Keegan Bradley on potential golf ball rollback: ‘USGA makes a lot of mistakes’
DUBLIN, Ohio – Keegan Bradley didn’t attend Tuesday’s meeting between members of the PGA Tour’s Player Advisory Council and the USGA and R&A, and it’s probably best.
The rule makers spent about an hour this week at the Memorial explaining why they have proposed a new Model Local Rule (MLR) for golf balls that could, by some estimates, lead to drives for top professionals that are 20 to 25 yards shorter.
For Bradley, whose game was intimately impacted the last time the USGA and R&A made an equipment change that outlawed anchored putting, it felt all too familiar.
“I have a really strange relationship with the USGA from the belly putter. I just feel like the USGA admits to making mistakes and then they punish the players for it,” Bradley said. “I don’t feel like it’s our fault that they think that the ball went too far or that they should have banned the belly putter.
“They retroactively, decades later, try to adjust and then they just throw it on us. We do this as a living. This is how we make our living. I don’t think that’s necessarily fair that we pay for their mistakes.”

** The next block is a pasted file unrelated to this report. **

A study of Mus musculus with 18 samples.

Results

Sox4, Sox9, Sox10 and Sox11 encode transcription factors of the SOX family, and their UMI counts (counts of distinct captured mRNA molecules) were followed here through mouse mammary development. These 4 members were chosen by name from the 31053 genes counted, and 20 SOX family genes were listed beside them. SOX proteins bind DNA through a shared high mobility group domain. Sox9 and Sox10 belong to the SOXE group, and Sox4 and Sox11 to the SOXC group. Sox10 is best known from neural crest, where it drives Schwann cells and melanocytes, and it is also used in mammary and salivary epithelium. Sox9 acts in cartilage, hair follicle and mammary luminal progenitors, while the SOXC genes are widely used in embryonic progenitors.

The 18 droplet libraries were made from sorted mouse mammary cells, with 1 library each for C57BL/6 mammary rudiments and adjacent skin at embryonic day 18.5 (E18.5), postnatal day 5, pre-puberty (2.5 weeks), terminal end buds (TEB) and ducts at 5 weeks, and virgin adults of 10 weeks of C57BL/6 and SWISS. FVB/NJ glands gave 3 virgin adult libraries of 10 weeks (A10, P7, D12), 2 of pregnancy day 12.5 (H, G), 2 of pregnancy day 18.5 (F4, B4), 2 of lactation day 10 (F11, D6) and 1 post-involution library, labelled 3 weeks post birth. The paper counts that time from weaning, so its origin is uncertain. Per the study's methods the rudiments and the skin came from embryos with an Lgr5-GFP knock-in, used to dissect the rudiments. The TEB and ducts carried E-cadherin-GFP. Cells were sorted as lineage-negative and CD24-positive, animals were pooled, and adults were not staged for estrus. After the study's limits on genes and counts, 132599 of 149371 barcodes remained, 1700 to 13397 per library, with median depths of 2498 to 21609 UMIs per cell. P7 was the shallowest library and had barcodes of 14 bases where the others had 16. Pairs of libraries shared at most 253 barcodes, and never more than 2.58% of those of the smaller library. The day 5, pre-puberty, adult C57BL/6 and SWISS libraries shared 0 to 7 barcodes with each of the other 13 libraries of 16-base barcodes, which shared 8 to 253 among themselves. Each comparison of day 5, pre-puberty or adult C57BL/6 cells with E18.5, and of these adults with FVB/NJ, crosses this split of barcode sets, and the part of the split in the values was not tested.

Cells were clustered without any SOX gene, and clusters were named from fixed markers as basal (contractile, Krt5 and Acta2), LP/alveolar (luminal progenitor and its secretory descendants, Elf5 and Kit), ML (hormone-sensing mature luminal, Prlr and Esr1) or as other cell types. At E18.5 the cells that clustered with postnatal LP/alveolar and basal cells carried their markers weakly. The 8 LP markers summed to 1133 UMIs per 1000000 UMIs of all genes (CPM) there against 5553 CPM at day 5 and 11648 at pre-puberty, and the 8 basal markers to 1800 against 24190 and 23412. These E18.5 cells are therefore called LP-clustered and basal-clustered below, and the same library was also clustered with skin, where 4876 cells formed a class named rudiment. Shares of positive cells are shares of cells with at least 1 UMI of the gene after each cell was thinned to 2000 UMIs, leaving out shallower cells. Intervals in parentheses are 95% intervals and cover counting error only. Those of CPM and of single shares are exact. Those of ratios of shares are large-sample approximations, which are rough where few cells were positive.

The anchoring ban, which occurred in 2013, impacted many players at the game’s highest level, including Bradley and Adam Scott, who did attend Tuesday’s meeting with the USGA and R&A.
“The scale that this [the potential golf ball rollback] affects is way bigger than the anchoring debate. That was directly affecting me and maybe a dozen other guys,” Scott said. “I don’t question the governing bodies intent at all. I do believe they want good for the game, and they’re trying to do their best. But I just don’t know that I’ve seen good process out of them for years to make good decisions. There was very little evidence, other than their opinion that anchoring was any advantage.”
Bradley, like most Tour players, had an equally strong opinion on the proposed golf ball rollback.
“I think the USGA makes a lot of mistakes and I don’t feel as though us, the players, should have to pay for it. I don’t think that’s right,” he said.